You can help those affected imagine a world without Parkinson’s by using your voice to share resources with others.
Many advancements in treatments and therapies can help manage symptoms and improve quality of life, including deep brain stimulation.
The sooner Parkinson’s is diagnosed, the sooner treatment can begin – which can help control and improve symptoms.
Parkinson’s disease affects nearly 1 million people in the United States. That’s one million individuals – moms, dads, sisters, brothers, grandparents, best friends – who are living with this progressive neurological disease. So, this April, during Parkinson’s Awareness Monthwe’re sharing resources, information, and hope with all people affected by this disease.
Learning more about this condition and visualizing a world without the disease can empower us all to create change.
Understanding Parkinson’s disease
Parkinson’s disease is a neurodegenerative disease that affects movement. Neurodegenerative means that it affects areas of the brain (neuro) and progresses over time (degenerative). People with Parkinson’s disease may first experience mild symptoms that are barely noticeable, such as an occasional tremor in their hands. Then, symptoms will worsen and can affect walking, balance, speech, and motor skills.
Read more about Parkinson’s disease and check out these resources from the Parkinson’s Foundation:
Parkinson’s vs. essential tremor
Tremor is often one of the first noticeable symptoms of Parkinson’s. People may notice their hands shaking when they are at rest. It typically improves during sleep or activity.
It is important to remember that not all tremors are a sign of Parkinson’s disease. In fact, a condition called essential tremor is sometimes confused with Parkinson’s. The most noticeable difference is that a tremor caused by an essential tremor usually occurs during movements like writing, eating, or drinking. In addition, they tend to go away at rest, which is the opposite of tremors caused by Parkinson’s.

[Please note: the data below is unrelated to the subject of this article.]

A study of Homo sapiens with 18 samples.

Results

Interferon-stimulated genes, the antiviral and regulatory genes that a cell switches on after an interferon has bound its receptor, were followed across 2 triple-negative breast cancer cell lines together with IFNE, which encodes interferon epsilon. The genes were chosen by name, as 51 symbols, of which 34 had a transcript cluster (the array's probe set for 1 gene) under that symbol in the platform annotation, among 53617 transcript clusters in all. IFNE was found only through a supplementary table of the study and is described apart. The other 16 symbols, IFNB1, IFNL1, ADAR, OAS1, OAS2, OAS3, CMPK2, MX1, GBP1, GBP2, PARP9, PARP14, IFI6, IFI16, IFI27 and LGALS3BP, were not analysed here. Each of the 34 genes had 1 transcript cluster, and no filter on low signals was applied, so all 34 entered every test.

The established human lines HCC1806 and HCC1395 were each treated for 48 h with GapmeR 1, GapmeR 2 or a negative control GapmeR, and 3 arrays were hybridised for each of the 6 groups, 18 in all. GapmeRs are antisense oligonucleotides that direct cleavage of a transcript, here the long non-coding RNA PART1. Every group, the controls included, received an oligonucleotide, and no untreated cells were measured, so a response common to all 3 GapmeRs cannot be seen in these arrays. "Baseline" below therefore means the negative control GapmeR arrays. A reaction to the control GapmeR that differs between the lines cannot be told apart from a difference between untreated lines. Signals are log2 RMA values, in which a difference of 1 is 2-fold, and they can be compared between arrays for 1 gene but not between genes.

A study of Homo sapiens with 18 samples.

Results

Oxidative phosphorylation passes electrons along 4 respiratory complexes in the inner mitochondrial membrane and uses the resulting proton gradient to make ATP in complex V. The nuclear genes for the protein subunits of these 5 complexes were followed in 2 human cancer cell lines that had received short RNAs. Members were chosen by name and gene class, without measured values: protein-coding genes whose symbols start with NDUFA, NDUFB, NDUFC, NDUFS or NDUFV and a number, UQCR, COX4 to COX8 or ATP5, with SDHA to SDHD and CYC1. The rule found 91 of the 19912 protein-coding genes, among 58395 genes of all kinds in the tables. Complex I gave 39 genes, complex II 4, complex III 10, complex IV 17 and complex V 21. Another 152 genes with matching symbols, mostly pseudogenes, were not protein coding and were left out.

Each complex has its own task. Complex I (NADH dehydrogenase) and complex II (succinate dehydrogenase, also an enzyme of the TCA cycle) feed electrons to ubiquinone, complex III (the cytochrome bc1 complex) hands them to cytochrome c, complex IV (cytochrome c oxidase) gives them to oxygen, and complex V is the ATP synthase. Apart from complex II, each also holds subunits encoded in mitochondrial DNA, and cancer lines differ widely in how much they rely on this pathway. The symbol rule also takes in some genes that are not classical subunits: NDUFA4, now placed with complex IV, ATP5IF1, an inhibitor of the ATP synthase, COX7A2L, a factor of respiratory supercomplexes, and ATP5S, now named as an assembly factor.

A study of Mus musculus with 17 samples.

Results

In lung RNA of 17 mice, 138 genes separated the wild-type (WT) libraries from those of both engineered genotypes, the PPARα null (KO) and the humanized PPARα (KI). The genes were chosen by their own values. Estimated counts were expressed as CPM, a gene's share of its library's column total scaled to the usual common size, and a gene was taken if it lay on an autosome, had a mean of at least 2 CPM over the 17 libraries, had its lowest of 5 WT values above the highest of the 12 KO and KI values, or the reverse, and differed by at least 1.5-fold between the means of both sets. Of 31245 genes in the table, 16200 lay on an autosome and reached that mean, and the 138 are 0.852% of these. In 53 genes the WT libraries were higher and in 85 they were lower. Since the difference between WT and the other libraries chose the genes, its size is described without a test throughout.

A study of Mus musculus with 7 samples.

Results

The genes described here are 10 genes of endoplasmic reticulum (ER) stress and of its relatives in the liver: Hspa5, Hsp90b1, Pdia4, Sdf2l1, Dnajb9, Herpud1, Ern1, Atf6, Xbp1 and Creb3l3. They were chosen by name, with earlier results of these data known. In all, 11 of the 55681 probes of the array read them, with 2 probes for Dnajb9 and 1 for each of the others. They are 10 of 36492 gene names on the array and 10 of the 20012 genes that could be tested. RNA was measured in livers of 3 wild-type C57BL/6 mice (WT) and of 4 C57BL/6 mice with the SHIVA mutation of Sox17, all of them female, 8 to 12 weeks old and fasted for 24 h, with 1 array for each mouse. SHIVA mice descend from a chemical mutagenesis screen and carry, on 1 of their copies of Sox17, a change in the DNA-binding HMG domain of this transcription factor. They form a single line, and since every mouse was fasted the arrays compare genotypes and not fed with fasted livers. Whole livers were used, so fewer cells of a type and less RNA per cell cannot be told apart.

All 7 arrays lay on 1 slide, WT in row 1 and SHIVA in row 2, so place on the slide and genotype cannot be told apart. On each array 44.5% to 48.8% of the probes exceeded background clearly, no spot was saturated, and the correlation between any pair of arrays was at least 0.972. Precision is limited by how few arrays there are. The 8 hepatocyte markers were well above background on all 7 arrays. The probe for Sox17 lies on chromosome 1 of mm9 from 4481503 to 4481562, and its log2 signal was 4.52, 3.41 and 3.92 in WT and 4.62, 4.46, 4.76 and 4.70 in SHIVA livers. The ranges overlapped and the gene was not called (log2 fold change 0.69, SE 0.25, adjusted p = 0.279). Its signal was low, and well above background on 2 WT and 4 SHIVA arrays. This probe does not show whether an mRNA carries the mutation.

Learn more about tremors:
Parkinson’s disease tremor (from Parkinson’s Foundation)
Essential tremor (from MedlinePlus)
Today, many exciting breakthrough therapies are helping more people live well with Parkinson’s. For example, deep brain stimulation, which delivers electrical stimulation to specific areas of the brain, has been shown to help control movements and reduce tremors. Other advancements like gene mapping offer insight and understanding into the disease – which may ultimately lead to better treatments and therapies.
Learn more about exciting advances in treating and managing Parkinson’s:
deep brain stimulation (from Parkinson’s Foundation)
PD GENEration: Mapping the future of Parkinson’s disease (from Parkinson’s Foundation)
Living with Parkinson’s
A Parkinson’s diagnosis doesn’t have to keep you or your loved ones from living the life they want. Programs, resources and specialized therapy can help you continue to enjoy your favorite activities. Occupational or speech therapy can help improve control of your voice or help you make modifications that allow you to get around your home safely. Support groups can connect you with others living with Parkinson’s – or those caring for someone they love with the disease.
Learn how you or your loved ones can live well with Parkinson’s:
Living and thriving with Parkinson’s disease (from Swedish)
Managing Parkinson’s disease (from Parkinson’s Foundation)
Advice for those newly diagnosed (from Parkinson’s Foundation)
Supporting your mental and physical health (from The Michael J. Fox Foundation)
Find help, hope
Parkinson’s disease is a complex condition – but it’s one you manage when you work closely with a team of experienced and compassionate neurologists. If you’re concerned you or a loved one may have Parkinson’s, talk to your primary care doctor right away. They can perform an initial evaluation and, if necessary, refer you to a neurologist to get to the bottom of what’s causing your symptoms. It’s the first step to finding answers and discovering hope.